IMF is firm on anti-corruption court, sets no Ukraine mission date

2018/2/3 22:54:12

The IMF official spokesperson said “no visit of an IMF staff mission to conduct a fourth review of the program with Ukraine is scheduled so far. ‘I don't have any details on timing of a review mission in any way, shape, or form’.”

 


WASHINGTON, Feb 3, 2018 - The IMF reaffirmed to the public on Feb. 1 that legislation to establish an independent anti-corruption court in Ukraine is “an essential component of the IMF-supported program,” Concorde Capital informed its clients based on a biweekly press briefing conducted by spokesman William Murray. He said the fund is waiting until the draft law will be brought “fully in line with Ukraine's commitments under the IMF program and the recommendations of the Venice Commission.”

 

In remarks on the matter, Murray also denied rumors that were spread in Ukraine last week alleging that the IMF has “softened” its position on the court and that a Jan. 11 letter from the IMF to Ukraine’s power brokers heavily criticizing the draft law on the court had not been approved by Christine Lagarde. “There's no truth to the contentions in terms of these softening positions,” Murray said.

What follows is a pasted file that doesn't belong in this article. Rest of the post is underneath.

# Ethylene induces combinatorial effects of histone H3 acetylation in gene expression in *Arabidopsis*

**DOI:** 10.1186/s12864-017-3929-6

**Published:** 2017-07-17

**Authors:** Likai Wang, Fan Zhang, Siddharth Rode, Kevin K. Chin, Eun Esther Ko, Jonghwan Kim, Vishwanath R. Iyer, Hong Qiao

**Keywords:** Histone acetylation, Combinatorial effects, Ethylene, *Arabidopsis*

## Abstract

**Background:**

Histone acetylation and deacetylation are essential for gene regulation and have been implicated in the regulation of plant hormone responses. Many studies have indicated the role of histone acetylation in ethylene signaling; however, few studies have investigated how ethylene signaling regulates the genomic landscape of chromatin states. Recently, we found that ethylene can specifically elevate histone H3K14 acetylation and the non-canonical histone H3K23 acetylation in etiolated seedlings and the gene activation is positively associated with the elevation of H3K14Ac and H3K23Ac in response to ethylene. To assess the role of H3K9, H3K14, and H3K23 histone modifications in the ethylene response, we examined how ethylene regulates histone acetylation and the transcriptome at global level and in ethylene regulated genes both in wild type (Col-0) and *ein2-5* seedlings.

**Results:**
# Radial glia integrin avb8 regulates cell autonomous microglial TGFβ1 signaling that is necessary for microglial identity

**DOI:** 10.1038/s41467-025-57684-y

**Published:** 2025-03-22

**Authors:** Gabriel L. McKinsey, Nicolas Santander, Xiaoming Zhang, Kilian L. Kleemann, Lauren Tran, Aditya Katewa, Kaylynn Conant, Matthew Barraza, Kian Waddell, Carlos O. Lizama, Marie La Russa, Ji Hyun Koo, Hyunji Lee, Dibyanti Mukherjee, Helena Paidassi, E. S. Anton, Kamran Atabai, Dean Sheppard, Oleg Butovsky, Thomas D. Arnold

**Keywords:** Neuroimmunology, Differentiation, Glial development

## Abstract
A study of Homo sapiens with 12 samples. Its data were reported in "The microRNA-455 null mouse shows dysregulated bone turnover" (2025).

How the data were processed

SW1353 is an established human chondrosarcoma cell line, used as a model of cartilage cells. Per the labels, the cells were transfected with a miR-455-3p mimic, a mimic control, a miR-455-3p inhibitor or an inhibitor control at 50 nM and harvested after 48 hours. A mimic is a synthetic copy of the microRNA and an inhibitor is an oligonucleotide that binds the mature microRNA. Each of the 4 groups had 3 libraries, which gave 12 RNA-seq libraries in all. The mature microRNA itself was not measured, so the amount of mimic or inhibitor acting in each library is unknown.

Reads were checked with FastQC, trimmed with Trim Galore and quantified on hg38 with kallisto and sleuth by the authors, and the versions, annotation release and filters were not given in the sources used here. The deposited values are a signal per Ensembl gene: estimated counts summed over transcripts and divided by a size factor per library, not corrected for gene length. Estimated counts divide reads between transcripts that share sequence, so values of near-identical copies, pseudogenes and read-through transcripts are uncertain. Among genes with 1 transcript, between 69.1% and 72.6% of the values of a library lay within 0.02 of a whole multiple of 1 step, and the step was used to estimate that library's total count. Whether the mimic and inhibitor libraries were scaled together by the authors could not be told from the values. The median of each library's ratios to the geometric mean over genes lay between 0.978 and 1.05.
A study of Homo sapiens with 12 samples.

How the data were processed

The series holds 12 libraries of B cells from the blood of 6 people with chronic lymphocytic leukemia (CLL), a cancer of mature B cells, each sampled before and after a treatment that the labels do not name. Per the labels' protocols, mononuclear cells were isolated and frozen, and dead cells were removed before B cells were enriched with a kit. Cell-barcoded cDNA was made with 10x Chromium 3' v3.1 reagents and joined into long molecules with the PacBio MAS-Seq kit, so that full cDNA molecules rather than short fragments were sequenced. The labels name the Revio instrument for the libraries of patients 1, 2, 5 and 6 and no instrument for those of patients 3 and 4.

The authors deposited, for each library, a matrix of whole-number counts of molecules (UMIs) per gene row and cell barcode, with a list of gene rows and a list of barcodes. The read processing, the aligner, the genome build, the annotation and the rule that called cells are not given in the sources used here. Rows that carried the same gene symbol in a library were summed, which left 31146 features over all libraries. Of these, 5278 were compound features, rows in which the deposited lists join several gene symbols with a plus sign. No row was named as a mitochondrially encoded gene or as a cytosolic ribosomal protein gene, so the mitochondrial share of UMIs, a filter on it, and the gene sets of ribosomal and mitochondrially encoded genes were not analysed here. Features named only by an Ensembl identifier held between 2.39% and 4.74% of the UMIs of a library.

Murray also said that no visit of an IMF staff mission to conduct a fourth review of the program with Ukraine is scheduled so far. “I don't have any details on timing of a review mission in any way, shape, or form,” he said.

 

Concorde analyst Alexander Paraschiy added: “It’s really worrying to see that instead of working hard to lay the groundwork for creating a truly independent anti-corruption court, some of Ukraine's power brokers are trying to persuade the public that no one abroad is demanding its creation. Murray taking the time to comment on fake news spread by bloggers close to the Ukrainian president confirms that this conduct is disturbing to Ukraine’s Western partners.

 

“So we see no chance for the IMF to soften its position now, even in the context of a possible compromise in which Ukraine would agree to hike household natural gas prices. All that's left for the financial community is to hope that increased pressure on Ukraine’s president from abroad, as well as the clear risk of Ukraine being denied borrowing from all IFIs, will force the president and parliament to approve the necessary legislation on the anti-corruption court in the soonest timeframe.

 

“We still continue to expect that common sense prevails and Ukraine will be able to pass the fourth review of the IMF’s EFF program in the first half of this year.”